Then, one night a nightingale appears at the bog. Her melodious voice captures the admiring attention of the creatures of the Bingle Bog. Ducks and herons swim towards the Sumac tree to hear the nightingale serenade. Some lonely creature even weeps hearing her song. When she stops, there is thunderous applause with the creatures demanding a repeat performance (encore). The jealous frog disturbed by the intrusion of a challenging rival listens to the nightingale dumbstruck.
Next night, when the modest bird prepares to sing, the plotting frog interrupts and posing as a music critic, says that the technique was fine, of course, but it lacks a certain force. Unassuming and not used to any kind of criticism, she defends herself by saying, "At least its mine".
The nightingale soon became famous and the frog grew richer, earning money from her concerts. Eminent personalities like the Owl (Earl) of Sandwich and Duck (Duke) of Kent attend the concerts. The frog sat and watched with mixed feelings of happiness and bitterness. Happy because he was earning money and jealous because the bird was receiving so much attention.
Meanwhile, the frog makes the nightingale rehearse hard even when it rained and constantly criticized and abused her, ensuring that she became broken in spirit. Fired and spent, her voice lost its beauty and the creatures stopped coming to hear her sing. Morose and depressed, she refused to sing, but the frog goaded her to practice. Scared and unhappy, the nightingale tried, burst a vein, and died.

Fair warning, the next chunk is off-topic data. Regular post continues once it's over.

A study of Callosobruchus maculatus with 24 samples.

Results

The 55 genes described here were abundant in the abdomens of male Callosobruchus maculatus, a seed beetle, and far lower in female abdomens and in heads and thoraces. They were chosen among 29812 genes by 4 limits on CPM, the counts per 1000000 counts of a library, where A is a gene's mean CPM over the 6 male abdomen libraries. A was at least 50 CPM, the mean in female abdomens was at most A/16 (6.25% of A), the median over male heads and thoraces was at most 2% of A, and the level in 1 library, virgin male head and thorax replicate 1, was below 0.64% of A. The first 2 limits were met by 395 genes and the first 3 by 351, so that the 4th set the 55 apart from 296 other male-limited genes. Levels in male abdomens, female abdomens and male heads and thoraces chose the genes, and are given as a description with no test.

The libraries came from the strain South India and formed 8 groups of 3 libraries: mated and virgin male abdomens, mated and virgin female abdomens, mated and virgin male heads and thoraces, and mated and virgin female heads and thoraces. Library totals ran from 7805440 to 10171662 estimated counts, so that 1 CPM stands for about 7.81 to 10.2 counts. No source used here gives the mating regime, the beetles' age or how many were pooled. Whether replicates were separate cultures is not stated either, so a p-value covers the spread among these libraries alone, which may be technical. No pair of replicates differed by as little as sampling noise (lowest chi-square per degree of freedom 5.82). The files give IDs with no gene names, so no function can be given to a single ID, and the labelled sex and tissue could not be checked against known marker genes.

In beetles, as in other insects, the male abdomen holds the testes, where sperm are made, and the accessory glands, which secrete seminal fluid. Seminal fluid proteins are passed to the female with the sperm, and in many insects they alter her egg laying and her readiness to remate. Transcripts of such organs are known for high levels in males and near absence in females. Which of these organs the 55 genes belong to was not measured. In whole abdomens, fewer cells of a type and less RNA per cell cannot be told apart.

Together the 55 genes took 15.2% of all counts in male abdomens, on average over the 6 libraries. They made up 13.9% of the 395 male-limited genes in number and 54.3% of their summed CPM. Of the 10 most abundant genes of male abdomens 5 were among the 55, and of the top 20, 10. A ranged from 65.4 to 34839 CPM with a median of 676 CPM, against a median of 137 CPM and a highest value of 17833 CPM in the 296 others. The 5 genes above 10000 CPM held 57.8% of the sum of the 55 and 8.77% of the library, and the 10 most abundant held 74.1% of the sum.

Any summary of Seth's poem is going to start with the basic exposition of the poem. This frog lives in a bog and croaks as the sole sound throughout the bog. All the other inhabitants have gotten accustomed to the fact that his monotone drone as the "only game in town." For his part, the frog enjoys that he has the monopoly of sound. With the nightingale's entrance and her entrancing songs, a couple of realities emerge. The first is that the frog now has competition for "Bog Idol," so to speak. Additionally, the competition is actually better than his song. It has much more melody, greater harmony, and has excited the other inhabitants of the bog. The frog moves to checking this growth by taking on the role of mentor and elder voice of reason to the nightingale, suggesting that he can help to make her "better." The nightingale is excited by the idea of having a "mentor" or "coach," and does exactly what the frog says. The frog forces her to expend all of her energy and essentially ruins her voice so that she can no longer sing and with her absence, the frog returns to being the sole voice in the bog, the consolidator of all musical power.